7 Books For 'Friday Night Lights' Fans

Clear eyes, full hearts, can’t freakin’ wait. The cast of Friday Night Lights is reuniting this summer at the 2016 ATX Television Festival, and we are unbelievably excited to see the Panthers, the Lions and all the Dillon townies return to the place where it all started: Texas. (Disclaimer: I'm a native Texan, so excuse my over-the-top pride and excitement.)

If you’re anything like me, you’ve binge-watched this baby on more than one occasion (thank you, Netflix), and you know that Friday Night Lights is much, much more than a show about football. This is a show about friendship. This is a show about small-town politics. This is a show about falling in love with all the wrong people and falling in love with all the right people and not knowing what to do about it either way. It’s a show about finding your place in the world. Hell, this is a show that tackled abortion stigma with unflinching honesty. Friday Night Lights was never afraid to push boundaries and discuss difficult topics, and in the years since the show ended, I've turned to the show countless times when I needed a pick-me-up.

Instead of binge-watching the series for the third (or fourth... or fifth) time, satiate your cravings for Tim Riggins, Jason Street, Matt Saracen and the Dillon crew with these seven books about first love, small towns and Friday night football:

#1: Until Friday Night by Abbi Glines

If you’re itching for a book that combines the unadulterated magic of first love with the electrifying thrill of Southern football, look no further than Abbi Glines’ Until Friday Night. After Maggie’s father murders her mother, she stops talking to cope with the tragedy. But when she moves to Lawton, Alabama, and meets a too-cocky, too-handsome-for-his-own-good football player named West — a boy struggling through his own private pain — she learns that she might be able to overcome her past after all. Trust me, this book will give you major feels. Even better, it’s the first in a series about high school football, so there’s plenty more to come.


Emma Mills’ debut novel has been brilliantly described as Pride and Prejudice meets Friday Night Lights — need we say more? Devon is a loner who’s happy to observe life from the bleachers. She’s also perfectly content thinking that the football team’s star player, Ezra, is an arrogant, condescending jerk who’s not worth her time or attention. But, what happens when he proves to be exactly the opposite? Devon’s forced to decide what kind of person she is — and what kind of person she wants to be. She’s the classic Lizzie Bennett, and Ezra is a tantalizing hybrid of Tim Riggins and Matt Saracen: strong, silent, and hot-as-hell but also sweet, endearing, and total boyfriend material.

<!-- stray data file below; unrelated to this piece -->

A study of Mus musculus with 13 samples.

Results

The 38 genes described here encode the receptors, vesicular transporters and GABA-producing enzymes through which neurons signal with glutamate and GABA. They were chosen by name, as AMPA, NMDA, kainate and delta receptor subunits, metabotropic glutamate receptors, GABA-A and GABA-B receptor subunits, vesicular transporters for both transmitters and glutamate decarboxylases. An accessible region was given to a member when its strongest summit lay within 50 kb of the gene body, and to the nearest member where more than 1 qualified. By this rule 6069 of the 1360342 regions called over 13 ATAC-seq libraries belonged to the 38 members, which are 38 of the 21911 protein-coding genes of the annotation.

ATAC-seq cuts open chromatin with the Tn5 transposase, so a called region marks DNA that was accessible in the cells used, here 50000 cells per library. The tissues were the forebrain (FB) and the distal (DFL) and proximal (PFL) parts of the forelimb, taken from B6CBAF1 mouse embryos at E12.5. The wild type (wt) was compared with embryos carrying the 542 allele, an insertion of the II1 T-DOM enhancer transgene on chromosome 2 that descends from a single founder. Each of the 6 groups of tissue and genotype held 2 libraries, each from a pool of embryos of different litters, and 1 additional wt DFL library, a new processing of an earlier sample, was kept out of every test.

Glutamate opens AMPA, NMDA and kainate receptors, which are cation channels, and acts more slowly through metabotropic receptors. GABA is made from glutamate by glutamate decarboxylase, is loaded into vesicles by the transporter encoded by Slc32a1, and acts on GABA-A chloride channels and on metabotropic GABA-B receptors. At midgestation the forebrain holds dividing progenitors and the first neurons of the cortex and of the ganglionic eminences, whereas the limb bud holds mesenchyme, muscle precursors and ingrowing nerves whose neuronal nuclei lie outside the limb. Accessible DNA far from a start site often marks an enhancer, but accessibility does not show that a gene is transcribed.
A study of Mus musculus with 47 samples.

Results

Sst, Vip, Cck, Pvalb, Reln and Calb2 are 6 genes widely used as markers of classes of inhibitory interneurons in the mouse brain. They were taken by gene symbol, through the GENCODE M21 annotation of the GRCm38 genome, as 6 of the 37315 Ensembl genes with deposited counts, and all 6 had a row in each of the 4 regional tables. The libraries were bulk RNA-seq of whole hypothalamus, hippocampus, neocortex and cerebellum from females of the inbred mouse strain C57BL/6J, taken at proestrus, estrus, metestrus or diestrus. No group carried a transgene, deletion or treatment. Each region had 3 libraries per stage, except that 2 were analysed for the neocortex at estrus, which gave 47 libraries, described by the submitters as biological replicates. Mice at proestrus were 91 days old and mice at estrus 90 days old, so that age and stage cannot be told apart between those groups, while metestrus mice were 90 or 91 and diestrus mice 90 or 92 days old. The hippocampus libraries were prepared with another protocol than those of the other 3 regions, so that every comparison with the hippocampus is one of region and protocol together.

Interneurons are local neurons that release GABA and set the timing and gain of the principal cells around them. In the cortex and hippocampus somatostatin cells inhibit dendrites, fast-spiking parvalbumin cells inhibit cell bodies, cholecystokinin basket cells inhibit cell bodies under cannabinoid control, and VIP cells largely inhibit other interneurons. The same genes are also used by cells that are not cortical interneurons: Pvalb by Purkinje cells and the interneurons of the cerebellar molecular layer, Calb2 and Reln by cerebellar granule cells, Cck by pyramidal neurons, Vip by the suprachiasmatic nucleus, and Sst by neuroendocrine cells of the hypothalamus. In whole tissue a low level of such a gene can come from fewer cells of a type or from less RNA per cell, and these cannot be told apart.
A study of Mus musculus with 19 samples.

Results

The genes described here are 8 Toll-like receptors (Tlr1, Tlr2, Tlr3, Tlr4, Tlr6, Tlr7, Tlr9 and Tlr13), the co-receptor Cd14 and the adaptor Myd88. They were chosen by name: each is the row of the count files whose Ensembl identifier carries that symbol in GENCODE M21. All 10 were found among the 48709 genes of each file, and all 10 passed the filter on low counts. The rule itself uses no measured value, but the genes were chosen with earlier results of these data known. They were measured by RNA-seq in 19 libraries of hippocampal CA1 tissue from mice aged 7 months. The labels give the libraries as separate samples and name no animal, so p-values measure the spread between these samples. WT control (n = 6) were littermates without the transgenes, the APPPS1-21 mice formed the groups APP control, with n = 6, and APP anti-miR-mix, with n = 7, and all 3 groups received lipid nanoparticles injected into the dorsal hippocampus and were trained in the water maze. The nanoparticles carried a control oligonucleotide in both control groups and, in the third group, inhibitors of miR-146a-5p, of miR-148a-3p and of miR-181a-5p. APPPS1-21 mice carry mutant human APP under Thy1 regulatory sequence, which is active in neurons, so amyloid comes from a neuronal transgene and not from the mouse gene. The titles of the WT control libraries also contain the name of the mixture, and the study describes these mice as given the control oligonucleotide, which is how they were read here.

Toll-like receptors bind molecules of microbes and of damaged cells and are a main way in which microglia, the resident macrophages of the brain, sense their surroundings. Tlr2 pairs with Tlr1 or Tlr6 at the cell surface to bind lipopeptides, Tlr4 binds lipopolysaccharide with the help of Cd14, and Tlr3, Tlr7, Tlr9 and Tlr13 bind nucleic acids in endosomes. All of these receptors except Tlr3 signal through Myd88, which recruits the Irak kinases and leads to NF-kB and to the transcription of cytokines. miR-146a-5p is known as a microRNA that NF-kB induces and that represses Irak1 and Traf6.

Okay, disclaimer: this novel doesn’t involve football at all, but it does take place in a small town that gives me serious Dillon vibes. Skylar Evans has a scholarship and a one-way ticket out of the impoverished California town where she’s spent her entire life. But when her plans come tumbling down, she turns to an unlikely friend: Josh Mitchell, a young Marine who’s back in town after losing his leg in Afghanistan. Together, they attempt to build a future far away from the town they both hate — but they soon learn you can never forget the place you call home. Josh — like Jason Street — suffers through some heartbreaking moments, but reading about his journey is well-worth the tears.


If you’ve ever searched the Internet for steamy Tim Riggins fanfiction, do yourself a favor and pick up Heaven, Texas. The story — the second in a series about the fictional Chicago Stars pro-football team — takes place in Texas, baby, and follows the exploits of the impossibly charming cowboy-turned-football-pro Bobby Tom. What happens when this rogue falls in love with his polar opposite? We won’t spoil it for you, but it’s pretty damn sexy.


If you haven’t read the book that started it all, do it now. Buzz Bissinger’s nonfiction account of Odessa’s Permian Panthers is a heartbreaking look at a down-and-out town and their one source of hope: the Friday night football game. Like the show, Friday Night Lights uses football as a means to brilliantly explore the social, economic and racial tensions of small town America.


Friday Night Lights is the ultimate love letter to Texas. In celebration of the state that Tim Riggins loves so dearly, we suggest you read the Pulitzer Prize-winning novel Lonesome Dove, a story about a group of Texas Rangers on their travels from the Lone Star State to Montana. If Tim Riggins had been born a century and a half earlier, he definitely would’ve joined up with these gentlemen for a raucous Western adventure.


In seasons four and five of Friday Night Lights, Coach Taylor and Tami Taylor confront the town’s deep racial and social divides. All American Boys is a must-read for fans of these powerful final seasons. The novel alternates between two perspectives: Rashad, a black victim of police brutality, and Quinn, a white witness to the assault. It’s an important and powerful read and proof that books can change minds and hearts.